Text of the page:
What does poison ivy do to humans?

A Fallow deer doe in Ashdown Forest, Sussex, England.

Poison ivy looks like any ordinary plant out in the wild, so much so that you need some research to identify the plant correctly. But it seems as though some animals appear to be unbothered by the poison oak and ivy plants through their fur coat protection or are immune to urushiol, the plant's oil. But why does poison ivy affect us as humans? And why does the plant cause such harsh allergic reactions?

Why does poison ivy affect us?

If you’ve ever had the misfortune of coming across the plant and getting a bad case of poison ivy rash, you’d think that no living thing should be able to touch, much less ingest, the plant. Surprisingly, poison ivy seems to attract a lot of critters and birds for their berries, and deer even depend on the leaves of the poison ivy plant as a staple food source. Humans aren’t the only ones vulnerable to the plant, though. A good number of primates also seem to be sensitive to it.

We’ve established that poison ivy rash seems to be almost exclusively a human problem. But why exactly just us? The plant and oil itself seem to do no actual damage. However, once the urushiol is absorbed into the skin, it binds itself to the skin cell which alerts our immune system. Yes, poison ivy rash is simply an intense allergy to the plant's oil! Between 80 and 90% of humans are allergic to urushiol.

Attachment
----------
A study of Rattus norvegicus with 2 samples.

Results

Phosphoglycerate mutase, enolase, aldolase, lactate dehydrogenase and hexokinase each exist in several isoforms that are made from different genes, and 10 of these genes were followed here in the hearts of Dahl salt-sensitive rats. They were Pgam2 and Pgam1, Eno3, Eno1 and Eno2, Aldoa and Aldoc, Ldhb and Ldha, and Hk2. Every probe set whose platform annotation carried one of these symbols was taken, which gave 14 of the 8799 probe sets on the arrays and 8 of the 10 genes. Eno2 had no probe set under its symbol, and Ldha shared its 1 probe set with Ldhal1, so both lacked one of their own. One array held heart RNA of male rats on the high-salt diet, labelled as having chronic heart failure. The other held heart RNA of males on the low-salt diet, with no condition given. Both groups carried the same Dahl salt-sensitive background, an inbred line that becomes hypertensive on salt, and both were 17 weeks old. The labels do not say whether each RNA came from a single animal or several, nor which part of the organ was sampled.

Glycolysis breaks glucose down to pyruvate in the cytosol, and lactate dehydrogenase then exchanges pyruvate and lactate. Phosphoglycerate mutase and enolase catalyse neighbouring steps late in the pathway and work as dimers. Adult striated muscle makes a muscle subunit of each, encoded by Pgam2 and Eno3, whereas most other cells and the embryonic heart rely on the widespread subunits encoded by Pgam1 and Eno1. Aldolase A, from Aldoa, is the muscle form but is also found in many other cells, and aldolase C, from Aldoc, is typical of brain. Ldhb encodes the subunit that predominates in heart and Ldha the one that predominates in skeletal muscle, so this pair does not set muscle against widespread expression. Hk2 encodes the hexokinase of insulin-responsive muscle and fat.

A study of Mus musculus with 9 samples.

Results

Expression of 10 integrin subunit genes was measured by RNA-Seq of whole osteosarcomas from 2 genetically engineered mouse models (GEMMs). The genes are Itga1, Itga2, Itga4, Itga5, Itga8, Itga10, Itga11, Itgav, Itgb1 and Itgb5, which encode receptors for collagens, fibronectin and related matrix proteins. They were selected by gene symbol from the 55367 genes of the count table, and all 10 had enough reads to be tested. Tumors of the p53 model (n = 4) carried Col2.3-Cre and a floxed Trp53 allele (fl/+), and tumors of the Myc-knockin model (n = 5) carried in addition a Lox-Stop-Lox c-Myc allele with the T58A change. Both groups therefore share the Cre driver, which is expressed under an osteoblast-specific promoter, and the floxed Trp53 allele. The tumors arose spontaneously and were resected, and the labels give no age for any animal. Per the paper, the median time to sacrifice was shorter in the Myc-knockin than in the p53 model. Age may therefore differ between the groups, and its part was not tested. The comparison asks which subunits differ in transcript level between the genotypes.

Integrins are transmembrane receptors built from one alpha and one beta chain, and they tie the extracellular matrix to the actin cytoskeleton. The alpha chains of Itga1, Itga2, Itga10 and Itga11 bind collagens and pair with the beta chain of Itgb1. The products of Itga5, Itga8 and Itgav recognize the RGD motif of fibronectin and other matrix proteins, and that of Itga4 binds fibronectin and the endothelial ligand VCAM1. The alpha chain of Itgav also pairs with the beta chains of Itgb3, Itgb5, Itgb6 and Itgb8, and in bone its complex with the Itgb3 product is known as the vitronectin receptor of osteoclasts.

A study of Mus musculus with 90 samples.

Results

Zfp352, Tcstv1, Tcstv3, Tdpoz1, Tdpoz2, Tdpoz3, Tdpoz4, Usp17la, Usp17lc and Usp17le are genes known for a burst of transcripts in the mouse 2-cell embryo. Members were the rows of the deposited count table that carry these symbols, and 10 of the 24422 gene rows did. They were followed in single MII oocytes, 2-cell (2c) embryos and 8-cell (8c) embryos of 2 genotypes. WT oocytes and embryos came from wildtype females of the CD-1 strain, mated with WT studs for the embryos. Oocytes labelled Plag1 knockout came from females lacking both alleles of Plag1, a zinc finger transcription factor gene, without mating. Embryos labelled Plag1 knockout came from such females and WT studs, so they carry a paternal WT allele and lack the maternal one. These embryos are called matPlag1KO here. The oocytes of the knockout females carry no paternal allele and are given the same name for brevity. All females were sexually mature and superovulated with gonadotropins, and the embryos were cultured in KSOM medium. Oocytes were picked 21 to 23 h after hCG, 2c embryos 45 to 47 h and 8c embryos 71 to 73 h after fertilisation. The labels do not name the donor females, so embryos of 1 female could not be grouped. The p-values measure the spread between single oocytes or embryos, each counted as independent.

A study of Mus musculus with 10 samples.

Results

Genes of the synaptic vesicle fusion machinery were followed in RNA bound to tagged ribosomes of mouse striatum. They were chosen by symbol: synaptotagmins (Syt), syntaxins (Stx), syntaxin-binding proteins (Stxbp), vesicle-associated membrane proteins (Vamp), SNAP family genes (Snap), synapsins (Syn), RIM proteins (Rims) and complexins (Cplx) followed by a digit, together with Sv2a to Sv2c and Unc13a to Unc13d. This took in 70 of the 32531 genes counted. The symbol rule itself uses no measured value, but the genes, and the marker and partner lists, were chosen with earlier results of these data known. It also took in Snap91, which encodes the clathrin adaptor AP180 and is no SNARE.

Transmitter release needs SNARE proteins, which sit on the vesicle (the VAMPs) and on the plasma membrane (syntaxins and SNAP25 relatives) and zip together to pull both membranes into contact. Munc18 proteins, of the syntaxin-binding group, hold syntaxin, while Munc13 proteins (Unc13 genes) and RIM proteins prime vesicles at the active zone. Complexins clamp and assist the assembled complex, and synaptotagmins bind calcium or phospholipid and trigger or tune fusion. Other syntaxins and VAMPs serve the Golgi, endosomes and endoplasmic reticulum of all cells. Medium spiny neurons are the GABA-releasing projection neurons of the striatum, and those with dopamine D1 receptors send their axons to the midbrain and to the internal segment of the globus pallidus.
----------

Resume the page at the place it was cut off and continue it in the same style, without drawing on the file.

Ways urushiol can affect us

The oil found in poison oak and ivy (called urushiol) causes rashes, itching, and inflammation. Here are a few ways that urushiol can get in contact with your skin to watch out for:

  • Coming in direct contact with poison ivy plants.
  • Burning the plant (this is extremely dangerous)
  • Coming into contact with tools, clothing, or shoes that have touched poison ivy.
  • Contact with pets who have the oil of the plant on their fur.

Poison ivy affects humans the most, while the rest of the animal kingdom thinks of it as a food source or a minor irritant. And with that, we must handle the plant in any setting with absolute caution.

Fortunately, Tecnu offers a wide range of effective products to help with the damaging allergies and rashes caused by poison oak, ivy and sumac. To help prevent a rash in the first place, use Tecnu Detox Wipes and Tecnu Original on skin, tools, pets, and shoes to limit urushiol binding with the skin.

If a rash has formed, Calagel or Rash Relief from Tecnu will help ease the itch caused by the reaction. Of course, always keep Tecnu products on hand when out on the trail or at home to help combat urushiol on contact.